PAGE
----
A 2014 Supreme Court case may be causing a decline in successful digital health patents

By Jonah Comstock

Partner Antonia Sequeira and Patent Agent Johnathan Chai looked at a sample of 100 digital health patents issued since 2012. They found that considerably more patents filed in 2012 and 2013, the years leading up to the Alice decision, made it through the patent office than in 2014 and 2015 (though they note that the 2015 data can be partially accounted for by a long lag time, meaning some 2015 patents are still not processed). Looking at dates of issue rather than filing shows the same trend.

Alice v CLS Bank established that computerizing a human process is not enough to keep it from being considered an “abstract idea”, one of three categories of invention the Supreme Court has deemed unpatentable, and established a test for whether a technology patent falls into this category. Inherent in Alice, and in the prohibition of abstract idea patents in general, is the idea that broad enforcement of technology patents in burgeoning innovation areas could hurt the health of the space. For instance, a friend-of-the-court brief filed jointly by Google, Amazon, Facebook, and others when Alice was under consideration asserts that "a plague of abstract computer-related patents is impairing and taxing innovation in the high-tech sector."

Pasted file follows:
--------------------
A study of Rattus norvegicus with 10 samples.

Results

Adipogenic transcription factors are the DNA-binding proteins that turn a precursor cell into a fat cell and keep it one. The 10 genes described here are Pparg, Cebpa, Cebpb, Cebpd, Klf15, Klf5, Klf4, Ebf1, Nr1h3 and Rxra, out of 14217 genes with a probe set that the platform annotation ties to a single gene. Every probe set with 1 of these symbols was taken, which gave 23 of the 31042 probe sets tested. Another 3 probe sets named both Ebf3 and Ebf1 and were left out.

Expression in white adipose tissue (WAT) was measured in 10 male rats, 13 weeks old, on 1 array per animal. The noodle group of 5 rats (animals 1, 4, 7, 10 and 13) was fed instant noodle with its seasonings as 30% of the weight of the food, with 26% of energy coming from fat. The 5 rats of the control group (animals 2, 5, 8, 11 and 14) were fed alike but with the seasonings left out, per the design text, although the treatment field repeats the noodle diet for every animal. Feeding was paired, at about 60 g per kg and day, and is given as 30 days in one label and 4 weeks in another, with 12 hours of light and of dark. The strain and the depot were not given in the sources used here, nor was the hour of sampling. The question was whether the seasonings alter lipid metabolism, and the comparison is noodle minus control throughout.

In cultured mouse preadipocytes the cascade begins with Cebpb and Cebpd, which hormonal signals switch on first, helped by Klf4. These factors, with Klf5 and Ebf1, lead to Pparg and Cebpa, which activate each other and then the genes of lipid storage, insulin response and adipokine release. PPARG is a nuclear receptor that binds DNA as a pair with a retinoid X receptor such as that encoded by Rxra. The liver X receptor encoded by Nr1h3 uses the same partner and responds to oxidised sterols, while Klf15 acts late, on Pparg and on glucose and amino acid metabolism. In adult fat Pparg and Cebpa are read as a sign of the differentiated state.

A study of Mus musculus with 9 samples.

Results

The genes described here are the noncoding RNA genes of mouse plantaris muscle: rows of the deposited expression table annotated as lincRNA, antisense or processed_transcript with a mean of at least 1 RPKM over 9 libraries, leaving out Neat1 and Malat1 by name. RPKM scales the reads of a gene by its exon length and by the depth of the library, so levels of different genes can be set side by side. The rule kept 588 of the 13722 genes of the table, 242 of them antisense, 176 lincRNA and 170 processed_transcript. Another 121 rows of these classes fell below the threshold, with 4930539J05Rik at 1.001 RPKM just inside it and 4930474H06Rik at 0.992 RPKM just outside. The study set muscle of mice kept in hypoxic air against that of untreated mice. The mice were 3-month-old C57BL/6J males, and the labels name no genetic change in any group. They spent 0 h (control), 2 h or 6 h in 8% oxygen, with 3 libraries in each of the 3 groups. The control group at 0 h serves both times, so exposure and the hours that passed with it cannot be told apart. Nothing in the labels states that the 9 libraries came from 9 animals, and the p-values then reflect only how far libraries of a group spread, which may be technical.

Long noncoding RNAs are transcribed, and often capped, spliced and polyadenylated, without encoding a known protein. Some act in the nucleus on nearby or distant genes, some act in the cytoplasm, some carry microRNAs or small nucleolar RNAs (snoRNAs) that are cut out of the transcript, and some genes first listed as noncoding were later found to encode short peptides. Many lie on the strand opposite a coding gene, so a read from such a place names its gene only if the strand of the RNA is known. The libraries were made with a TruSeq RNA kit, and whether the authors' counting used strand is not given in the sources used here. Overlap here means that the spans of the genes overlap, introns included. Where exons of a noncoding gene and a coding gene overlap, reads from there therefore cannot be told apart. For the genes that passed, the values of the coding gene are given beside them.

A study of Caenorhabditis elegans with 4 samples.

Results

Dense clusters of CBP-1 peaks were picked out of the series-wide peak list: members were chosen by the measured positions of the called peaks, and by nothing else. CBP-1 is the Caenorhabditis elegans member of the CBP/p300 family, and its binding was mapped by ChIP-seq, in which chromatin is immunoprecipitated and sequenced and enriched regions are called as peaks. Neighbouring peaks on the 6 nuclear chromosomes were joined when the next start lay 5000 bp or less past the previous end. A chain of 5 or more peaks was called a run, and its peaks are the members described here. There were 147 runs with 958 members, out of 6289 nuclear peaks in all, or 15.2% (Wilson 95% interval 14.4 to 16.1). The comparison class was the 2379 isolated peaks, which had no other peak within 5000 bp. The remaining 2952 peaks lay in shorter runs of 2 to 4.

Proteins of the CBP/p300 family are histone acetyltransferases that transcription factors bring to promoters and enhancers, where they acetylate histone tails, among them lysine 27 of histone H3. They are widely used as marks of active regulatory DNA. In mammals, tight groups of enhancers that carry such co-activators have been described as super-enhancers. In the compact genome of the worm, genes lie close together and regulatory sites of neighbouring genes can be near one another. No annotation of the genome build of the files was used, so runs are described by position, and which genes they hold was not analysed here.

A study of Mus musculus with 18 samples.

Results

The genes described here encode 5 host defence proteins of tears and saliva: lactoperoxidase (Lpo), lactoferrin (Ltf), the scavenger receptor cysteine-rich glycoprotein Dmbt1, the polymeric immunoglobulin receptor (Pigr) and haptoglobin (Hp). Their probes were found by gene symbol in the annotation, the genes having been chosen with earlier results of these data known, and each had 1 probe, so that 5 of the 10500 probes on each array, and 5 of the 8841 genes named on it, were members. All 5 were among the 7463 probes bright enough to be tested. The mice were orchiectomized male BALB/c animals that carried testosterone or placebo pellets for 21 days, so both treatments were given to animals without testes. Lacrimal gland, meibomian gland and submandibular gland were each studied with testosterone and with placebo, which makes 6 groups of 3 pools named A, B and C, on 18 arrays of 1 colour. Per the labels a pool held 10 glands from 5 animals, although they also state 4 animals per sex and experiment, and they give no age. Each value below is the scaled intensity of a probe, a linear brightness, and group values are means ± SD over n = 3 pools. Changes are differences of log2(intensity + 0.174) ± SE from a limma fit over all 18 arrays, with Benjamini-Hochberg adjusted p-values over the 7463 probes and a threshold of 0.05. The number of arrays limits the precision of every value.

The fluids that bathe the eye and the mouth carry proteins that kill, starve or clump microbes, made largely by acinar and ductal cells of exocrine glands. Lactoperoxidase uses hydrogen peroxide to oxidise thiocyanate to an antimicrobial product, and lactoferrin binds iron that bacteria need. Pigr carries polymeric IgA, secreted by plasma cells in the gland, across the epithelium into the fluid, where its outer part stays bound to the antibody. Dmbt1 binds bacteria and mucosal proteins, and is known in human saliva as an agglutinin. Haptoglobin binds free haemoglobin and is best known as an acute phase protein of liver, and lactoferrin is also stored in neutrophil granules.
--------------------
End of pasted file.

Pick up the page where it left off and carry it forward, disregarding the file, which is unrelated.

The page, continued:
Sequeira and Chai note a number of strategies by which digital health companies might safeguard a patent application in their article, which delves deep into the technicalities of the patent process. For one thing, one particular art unit, T3600, was more likely than others to put forth an Alice-based objection, so applicants should do what they can to be considered by another part of the USPTO apparatus -- but that's hard for an applicant to control. The authors' best practical advice is to be specific and technical in a patent application.

"[W]hen drafting applications going forward, applicants should ensure that their patent applications include sufficient technical details to help convince the examiner that the invention provides an improvement over the state of the art, preferably making clear in the application what this improvement is and why it is important," they write. "Further, these technical details should be reflected in the patent application claims such that examiners cannot easily interpret the claim as being too similar to generic computer functions."

In general, it's advantageous for patent writers to make the scope of a claim as broad as possible, as it prevents the need for additional patents for each upgrade or advancement. But Sequeira and Chai argue that in digital health, in a post-Alice world, a narrow scope, with specific technical language, is a better bet.